Zac Jones, a resident of Nashville where he serves as a part-time caregiver to his grandmother with Alzheimer’s, has penned a piece in the Tennessean (part of the USA Today Network) on the need for better palliative care services for patients dealing with Alzheimer’s and Dementia. He believes this can be remedied by better education and support for the upcoming Palliative Care and Hospice Education and Training Act (PCHETA) bill.
The Alzheimer’s Association estimates that there are more than 5 million Americans living with Alzheimer’s. In Tennessee in particular, there are 110,000 people 65 and older living with the disease, yet less than half of surveyed nursing homes in Tennessee have a palliative care program.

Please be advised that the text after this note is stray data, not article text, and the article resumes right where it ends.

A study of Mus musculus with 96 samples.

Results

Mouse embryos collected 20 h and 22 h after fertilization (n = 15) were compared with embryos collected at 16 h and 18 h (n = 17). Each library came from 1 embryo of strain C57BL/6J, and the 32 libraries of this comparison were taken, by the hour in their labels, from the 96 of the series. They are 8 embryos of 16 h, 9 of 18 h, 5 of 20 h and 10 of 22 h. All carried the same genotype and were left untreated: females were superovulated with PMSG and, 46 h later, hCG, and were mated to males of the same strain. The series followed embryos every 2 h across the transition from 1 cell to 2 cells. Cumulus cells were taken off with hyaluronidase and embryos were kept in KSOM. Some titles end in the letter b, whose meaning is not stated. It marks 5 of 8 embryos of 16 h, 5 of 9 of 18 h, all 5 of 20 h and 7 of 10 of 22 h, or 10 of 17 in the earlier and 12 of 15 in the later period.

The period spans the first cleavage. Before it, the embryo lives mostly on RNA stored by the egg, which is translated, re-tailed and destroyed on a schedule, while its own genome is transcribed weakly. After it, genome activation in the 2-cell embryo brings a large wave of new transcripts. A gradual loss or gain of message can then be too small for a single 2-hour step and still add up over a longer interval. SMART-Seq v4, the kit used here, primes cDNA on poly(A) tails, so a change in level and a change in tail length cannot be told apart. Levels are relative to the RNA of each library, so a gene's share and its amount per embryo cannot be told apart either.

“For people with advanced dementia, team-based care like the kind my grandmother receives —focusing on managing and easing symptoms, reducing pain and stress, and increasing comfort — improves quality of life, controls costs, and enhances patient and family satisfaction,” said Jones.
Jones points to the growing bipartisan support for the PCHETA bill, which would ensure an adequate, well-trained palliative care workforce through workforce training, education and awareness, and enhanced research.
“PCHETA would make this critical service available to millions of Americans by establishing workforce training programs, creating a national education and awareness campaign to inform the public about services and supports, and enhancing research on improving delivery of palliative care,” said Jones. Click here to read more.